Jaclyn Michael wanted her students to think about two things on one subject: the Qur’an, the holy book of Islam.
She wanted them to think about how the book is being interpreted in today’s society versus its meaning when it emerged in the Seventh Century.
“Any tradition where you have a sacred text that is said to be revealed in a religious context, you have modern-day religious persons looking at that text and saying, ‘Can I find myself in it as a 21st century Muslim?’,” says Michael, an assistant professor in philosophy and religion.
She also wanted her students to read entries about the Qur’an on Wikipedia, the online encyclopedia whose information is compiled and written by its users. When it comes to the Qur’an on Wikipedia—the first source for many students writing research papers—the entries aren’t considered very accurate due to bias and information taken from academically unreliable sources, Michael says.
The UTC students’ task was to see if the entries were accurate and unbiased and, if they weren’t, to edit them by adding corrected information, removing the bias or offering deeper interpretations of Qur’an text.
“A lot of professors and educators today will complain: When a student has a research project, what is the first thing they do? They go to Wikipedia and they think that’s it,” Michael explains. “In the project, I had students write reflection papers and all of the students commented, ‘I’m going to think twice about using Wikipedia in the future.’ I was like, ‘Bingo! That’s exactly what I wanted.’”
Students were divided into groups and given a specific theme: Prophets and Messengers in Islam, Eschatology—”a fancy word that we use to describe the end of days, hell, all of that,” Michael says—and Hermeneutics, an interpretation of the Qur’an’s text.
Savannah Stout, a student in the class, says the fact that anyone can go on Wikipedia and write and edit its entries is “a bit unsettling.”
“Humans, some who are far from scholars on certain topics, can edit, add, and publish anything they please to Wikipedia pages,” she wrote in her reflection paper. “The readers have a right to be concerned.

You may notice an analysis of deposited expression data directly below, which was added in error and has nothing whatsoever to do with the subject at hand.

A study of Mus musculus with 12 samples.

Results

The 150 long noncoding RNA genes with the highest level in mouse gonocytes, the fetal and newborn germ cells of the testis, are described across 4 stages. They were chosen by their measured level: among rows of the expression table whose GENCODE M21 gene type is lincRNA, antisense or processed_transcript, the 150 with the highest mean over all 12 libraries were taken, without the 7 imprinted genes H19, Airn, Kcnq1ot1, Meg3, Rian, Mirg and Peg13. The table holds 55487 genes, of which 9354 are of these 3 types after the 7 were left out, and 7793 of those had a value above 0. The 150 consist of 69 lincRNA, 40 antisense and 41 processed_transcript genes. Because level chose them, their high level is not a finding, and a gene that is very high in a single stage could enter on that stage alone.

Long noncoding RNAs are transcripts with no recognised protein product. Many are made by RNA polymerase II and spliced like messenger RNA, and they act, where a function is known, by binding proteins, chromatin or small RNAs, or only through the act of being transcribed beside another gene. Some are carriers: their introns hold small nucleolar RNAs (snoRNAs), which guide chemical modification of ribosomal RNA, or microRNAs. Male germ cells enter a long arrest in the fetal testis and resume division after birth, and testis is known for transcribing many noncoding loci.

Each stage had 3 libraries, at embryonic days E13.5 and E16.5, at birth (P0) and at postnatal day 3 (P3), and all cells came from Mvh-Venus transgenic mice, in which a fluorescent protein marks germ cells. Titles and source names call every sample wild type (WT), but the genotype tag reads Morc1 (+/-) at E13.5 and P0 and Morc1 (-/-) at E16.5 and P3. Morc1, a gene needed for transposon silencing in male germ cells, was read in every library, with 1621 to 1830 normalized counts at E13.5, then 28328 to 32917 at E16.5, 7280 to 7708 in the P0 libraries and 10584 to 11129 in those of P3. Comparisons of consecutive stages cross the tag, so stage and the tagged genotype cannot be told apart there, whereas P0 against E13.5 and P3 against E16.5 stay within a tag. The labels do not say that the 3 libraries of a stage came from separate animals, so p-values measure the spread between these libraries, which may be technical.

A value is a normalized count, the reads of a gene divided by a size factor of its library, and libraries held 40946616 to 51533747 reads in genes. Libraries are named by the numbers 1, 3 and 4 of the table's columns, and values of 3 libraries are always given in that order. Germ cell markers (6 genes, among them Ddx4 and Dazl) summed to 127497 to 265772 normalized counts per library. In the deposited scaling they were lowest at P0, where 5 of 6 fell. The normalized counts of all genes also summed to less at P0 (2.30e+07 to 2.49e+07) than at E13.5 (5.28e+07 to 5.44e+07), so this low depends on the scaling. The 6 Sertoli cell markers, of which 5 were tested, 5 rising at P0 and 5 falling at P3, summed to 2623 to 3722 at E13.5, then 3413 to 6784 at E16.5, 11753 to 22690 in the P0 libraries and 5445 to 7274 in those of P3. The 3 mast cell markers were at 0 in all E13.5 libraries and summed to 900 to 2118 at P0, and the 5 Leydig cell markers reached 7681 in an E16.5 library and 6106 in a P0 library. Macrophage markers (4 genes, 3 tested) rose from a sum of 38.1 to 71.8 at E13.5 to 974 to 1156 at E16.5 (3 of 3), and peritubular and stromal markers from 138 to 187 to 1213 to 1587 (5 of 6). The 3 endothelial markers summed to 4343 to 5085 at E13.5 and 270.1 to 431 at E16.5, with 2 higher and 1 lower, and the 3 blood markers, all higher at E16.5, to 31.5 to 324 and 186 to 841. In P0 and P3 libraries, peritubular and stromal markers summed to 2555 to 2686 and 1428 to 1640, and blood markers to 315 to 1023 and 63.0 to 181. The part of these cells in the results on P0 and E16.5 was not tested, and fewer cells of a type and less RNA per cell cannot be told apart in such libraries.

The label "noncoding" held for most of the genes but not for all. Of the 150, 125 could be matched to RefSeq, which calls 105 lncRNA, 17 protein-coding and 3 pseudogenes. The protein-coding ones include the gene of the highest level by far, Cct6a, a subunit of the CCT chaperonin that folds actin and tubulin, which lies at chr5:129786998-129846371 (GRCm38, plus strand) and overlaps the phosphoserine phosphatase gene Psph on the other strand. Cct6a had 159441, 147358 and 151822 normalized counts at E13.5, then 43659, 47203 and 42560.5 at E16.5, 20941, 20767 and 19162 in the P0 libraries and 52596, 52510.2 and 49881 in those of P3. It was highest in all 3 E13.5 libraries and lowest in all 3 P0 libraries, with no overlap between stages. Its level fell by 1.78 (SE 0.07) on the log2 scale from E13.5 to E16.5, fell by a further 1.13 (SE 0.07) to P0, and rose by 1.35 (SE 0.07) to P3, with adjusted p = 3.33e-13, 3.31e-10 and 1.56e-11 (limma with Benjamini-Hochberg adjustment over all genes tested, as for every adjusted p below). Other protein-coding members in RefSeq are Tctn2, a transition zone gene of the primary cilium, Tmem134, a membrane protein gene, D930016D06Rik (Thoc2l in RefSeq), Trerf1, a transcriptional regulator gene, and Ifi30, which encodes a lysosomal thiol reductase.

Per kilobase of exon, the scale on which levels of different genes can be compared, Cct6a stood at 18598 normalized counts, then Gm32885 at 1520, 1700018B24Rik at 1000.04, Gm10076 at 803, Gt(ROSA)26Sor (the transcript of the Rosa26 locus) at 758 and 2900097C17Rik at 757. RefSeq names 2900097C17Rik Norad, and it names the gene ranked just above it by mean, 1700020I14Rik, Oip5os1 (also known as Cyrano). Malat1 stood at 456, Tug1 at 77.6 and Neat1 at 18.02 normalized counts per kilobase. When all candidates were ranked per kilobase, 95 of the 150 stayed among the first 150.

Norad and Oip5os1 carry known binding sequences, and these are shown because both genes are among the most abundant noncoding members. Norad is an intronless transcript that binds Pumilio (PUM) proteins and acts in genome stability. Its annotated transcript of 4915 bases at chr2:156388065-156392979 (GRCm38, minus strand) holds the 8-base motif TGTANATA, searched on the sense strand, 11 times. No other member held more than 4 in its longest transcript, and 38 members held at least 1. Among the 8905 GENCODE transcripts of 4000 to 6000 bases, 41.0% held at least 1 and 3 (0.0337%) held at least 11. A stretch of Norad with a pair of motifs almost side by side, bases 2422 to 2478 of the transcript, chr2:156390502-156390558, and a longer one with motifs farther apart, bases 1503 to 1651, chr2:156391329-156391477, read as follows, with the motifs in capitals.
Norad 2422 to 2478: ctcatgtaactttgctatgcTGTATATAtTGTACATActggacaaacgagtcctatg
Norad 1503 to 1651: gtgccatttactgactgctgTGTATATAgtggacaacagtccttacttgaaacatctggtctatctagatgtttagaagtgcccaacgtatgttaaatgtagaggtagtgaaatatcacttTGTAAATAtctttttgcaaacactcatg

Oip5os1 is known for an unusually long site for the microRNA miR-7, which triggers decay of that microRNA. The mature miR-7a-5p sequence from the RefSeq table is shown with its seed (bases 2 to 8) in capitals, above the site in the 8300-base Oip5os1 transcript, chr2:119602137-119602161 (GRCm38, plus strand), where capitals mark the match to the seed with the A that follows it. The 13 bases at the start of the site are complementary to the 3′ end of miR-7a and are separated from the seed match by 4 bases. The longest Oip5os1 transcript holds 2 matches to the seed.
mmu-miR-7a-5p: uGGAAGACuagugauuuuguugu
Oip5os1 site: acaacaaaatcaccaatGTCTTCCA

“The majority are warned that Wikipedia is not a reliable source of information, although, even blessed with this knowledge, most take what they see at face value as fact,” she continues. “This is why it is pivotal to make the Wikipedia articles factual as possible.”
By diving deeply into the public editing process of Wikipedia, Michael says she wanted to give students the chance to participate in the “public service” element of the website.
“I wanted them to feel like they’d done something that would benefit the public,” she says. “Wikipedia is us. We create it; we edit it. In their reflection papers, the students noted that they felt good that they had contributed to something that benefits the public good.”
Stout, whose group examined the topic of Prophets and Messengers, notes that there were about 20,000 page views after her group made edits to the Wikipedia entry on the subject. While the actual editing was daunting, she says, the work was “rewarding.”
“It is intimidating editing an article, especially knowing that many people will view the page and rely on the edits for information,” she wrote. “This specific type of research feels rewarding in a different way than a typical final research paper would. It feels more impactful and effective, and I am glad I had a chance to do this project.”
Casey Newell, who also enrolled in the class, echoed Stout’s sentiments.
“I am glad that you had us do the project. I was able to learn things that I would likely have never learned without participating in this,” Newell wrote in her written reflections at the end of the course. “It was definitely more challenging than a final paper, but now I know how to do something that I never knew before. It was humbling, educational, and very much worth it.”